Apr 25, 2017
The private dining room. Done badly, it’s the gustative equivalent of Siberia. Done properly, it’s a chance to rock it like a Rockefeller. Adding a touch of class to any business meeting, the perfect private dining room is a haven from the crowds; an express elevator to exclusivity. The must-haves? Furnishings that bring an element of luxury, service that rises to the occasion and absolute discretion. Add a bespoke menu of excellent food and matching wines then sit back and enjoy your (temporary) status as a master of the universe.
Yes, it’s in the casino but it’s a world apart; cut from 19th- century bones, this impressive space (pictured at top) has been reimagined as a New York-style grill. Chef Sean Connolly knows how to impress a crowd and the private dining space seating up to 18 is no exception. Raised above the main dining floor (you can see the crowds below through one- way glass but they can’t see you), it has an old-world atmosphere, thanks to an ornate curved ceiling. But the architectural chandelier, marble-topped sideboard and artistic black-and- white portrait of the chef-patron himself create a mood that’s more modern-luxe boardroom. The food is solid if unsurprising, with offerings such as the signature South Australian lamb shoulder in licorice gravy and a similarly parochial wine list.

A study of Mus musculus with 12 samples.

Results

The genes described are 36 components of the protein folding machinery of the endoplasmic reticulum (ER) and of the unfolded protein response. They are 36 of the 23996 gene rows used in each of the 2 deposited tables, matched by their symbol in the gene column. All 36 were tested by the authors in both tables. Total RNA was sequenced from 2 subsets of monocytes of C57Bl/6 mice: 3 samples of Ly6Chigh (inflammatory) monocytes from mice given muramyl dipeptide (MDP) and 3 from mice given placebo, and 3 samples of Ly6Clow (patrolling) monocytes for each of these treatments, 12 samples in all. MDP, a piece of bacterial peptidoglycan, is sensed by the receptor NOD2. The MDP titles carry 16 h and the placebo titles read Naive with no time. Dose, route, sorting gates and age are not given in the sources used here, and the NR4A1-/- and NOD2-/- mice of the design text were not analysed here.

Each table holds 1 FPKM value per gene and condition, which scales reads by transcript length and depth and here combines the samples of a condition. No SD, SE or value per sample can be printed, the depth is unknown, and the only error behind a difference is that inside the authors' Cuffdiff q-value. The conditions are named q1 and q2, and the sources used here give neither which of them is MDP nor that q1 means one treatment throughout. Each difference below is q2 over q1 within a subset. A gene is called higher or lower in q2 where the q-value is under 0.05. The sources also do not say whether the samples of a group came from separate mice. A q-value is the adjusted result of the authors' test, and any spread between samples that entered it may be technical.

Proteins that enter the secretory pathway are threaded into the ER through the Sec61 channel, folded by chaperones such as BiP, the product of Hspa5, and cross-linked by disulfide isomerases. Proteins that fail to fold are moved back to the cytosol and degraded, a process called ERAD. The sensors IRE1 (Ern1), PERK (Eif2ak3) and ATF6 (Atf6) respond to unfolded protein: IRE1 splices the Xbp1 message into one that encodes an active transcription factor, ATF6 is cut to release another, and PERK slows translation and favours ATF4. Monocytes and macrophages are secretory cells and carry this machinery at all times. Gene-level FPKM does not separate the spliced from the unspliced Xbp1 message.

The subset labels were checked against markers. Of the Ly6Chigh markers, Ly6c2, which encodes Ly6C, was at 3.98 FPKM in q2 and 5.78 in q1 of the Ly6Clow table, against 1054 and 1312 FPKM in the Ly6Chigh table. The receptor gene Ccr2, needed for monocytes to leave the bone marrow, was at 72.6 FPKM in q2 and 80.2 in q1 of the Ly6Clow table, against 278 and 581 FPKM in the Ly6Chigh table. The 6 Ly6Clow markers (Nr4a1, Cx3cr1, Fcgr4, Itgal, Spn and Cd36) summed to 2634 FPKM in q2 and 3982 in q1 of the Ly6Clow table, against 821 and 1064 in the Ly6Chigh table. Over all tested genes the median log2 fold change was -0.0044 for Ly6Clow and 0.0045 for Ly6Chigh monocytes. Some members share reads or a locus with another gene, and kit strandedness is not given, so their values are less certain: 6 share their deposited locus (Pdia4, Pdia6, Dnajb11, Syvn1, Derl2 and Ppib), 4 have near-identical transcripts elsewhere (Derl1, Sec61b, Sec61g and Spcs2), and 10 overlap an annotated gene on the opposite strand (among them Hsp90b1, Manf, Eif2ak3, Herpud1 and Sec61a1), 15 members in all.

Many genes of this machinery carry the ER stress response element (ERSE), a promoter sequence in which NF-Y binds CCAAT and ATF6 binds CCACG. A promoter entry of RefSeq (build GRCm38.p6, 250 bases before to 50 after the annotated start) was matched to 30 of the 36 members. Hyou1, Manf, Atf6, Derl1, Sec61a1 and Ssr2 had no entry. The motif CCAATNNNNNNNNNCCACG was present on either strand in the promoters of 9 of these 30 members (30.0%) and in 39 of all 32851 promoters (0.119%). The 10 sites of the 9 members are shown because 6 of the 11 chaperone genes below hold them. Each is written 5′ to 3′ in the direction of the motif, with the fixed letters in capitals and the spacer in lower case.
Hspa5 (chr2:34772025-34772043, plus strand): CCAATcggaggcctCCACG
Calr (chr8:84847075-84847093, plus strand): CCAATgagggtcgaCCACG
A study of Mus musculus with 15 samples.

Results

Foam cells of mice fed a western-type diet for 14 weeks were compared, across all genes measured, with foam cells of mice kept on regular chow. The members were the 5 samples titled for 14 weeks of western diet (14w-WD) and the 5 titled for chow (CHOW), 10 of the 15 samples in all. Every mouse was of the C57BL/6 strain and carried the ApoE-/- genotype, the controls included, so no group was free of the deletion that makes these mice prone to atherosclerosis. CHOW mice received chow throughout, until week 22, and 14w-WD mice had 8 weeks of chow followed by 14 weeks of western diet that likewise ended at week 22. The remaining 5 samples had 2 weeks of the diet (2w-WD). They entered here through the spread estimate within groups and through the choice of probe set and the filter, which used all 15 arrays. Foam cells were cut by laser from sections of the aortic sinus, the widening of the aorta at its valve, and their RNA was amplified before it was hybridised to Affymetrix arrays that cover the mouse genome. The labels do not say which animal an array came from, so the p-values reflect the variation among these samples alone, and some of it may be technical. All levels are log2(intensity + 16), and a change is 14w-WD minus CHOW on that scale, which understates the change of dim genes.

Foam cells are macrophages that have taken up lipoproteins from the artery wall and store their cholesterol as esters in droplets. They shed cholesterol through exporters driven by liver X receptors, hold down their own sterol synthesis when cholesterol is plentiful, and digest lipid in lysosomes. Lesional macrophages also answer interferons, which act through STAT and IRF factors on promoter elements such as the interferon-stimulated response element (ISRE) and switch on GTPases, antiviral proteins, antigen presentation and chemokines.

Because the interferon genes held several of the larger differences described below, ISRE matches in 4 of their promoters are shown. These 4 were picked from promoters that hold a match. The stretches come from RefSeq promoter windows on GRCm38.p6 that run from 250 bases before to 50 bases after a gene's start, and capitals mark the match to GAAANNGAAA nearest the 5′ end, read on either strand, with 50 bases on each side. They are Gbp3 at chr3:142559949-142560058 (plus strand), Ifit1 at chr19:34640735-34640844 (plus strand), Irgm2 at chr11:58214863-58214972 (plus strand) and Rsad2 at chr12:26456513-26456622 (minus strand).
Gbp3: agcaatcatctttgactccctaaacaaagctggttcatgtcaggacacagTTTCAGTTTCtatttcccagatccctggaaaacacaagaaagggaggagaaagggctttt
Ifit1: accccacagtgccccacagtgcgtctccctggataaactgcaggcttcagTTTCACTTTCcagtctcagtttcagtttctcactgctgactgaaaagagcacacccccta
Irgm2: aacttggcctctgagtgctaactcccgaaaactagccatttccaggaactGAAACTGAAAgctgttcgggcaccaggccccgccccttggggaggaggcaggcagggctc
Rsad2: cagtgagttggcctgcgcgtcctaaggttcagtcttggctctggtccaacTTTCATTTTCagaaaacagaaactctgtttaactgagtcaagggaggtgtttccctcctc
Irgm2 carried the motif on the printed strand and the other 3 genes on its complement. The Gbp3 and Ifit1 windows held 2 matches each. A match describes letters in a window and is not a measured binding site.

The Dom Pérignon Room is the smallest (the capacity is 18), most intimate and most exclusive private dining space at Vue de Monde. This ambient, theatrical room is geared towards maximum enjoyment of the spectacular 55th-floor views of Melbourne but the décor is no slouch. Australian contemporary textile artist Hiromi Tango has created a site- specific installation that serves as a conversational centrepiece; the tables and chairs are clad in tactile kangaroo hide and fur; and a subtle taste of the Australian terroir is conveyed through the use of river rocks and old grapevines as cutlery settings and props for the dramatic dégustation menu. If you really want to splash out, the chefs can devise a menu where each course is matched to a glass of vintage Dom Pérignon.
A colourful portrait of owner Philippe Mouchel’s mentor, Paul Bocuse, hangs on the wall of this so-Frenchy, so-chic private dining salon (which can accommodate up to 10 people) that’s removed in splendid isolation from the equally elegant main dining areas. The white wainscoting, gleaming metal pendant lights, gilt-framed mirror and pale-grey upholstered chairs are a study in pitch-perfect style, as is Mouchel’s classic-with-a-twist French food.
This glam central-Sydney Italian boasts more masculine charm than Marcello Mastroianni; ditto the private dining room with walls that double as the restaurant’s visually arresting olioteca (olive oil store). It has an admirably flexible capacity (eight to 56), thanks to removable soundproof panels that can be used to manage the atmosphere of the dark and delightfully moody room. A crowd-pleasing menu brings the regional Italian goods (it’s the go-to for artisanal pastas), while the smartly dressed waiters are some of the best in the business.
Restaurant Hubert, Sydney
The hottest ticket in town, Hubert brings fin-de-siècle class to private dining. Ornate, intricate and intimate, with warmth conjured from brass, leather and timber, it’s restaurant as stage show. The two private dining rooms, seating eight to 10, have old-fashioned-gentlemen’s-club charm and plenty of curios (the private space dubbed the Botero Boardroom is decorated with artworks by Colombian figurative painter Fernando Botero). Along with the classic French menu and beautifully thought-out wine list, it’s pure class.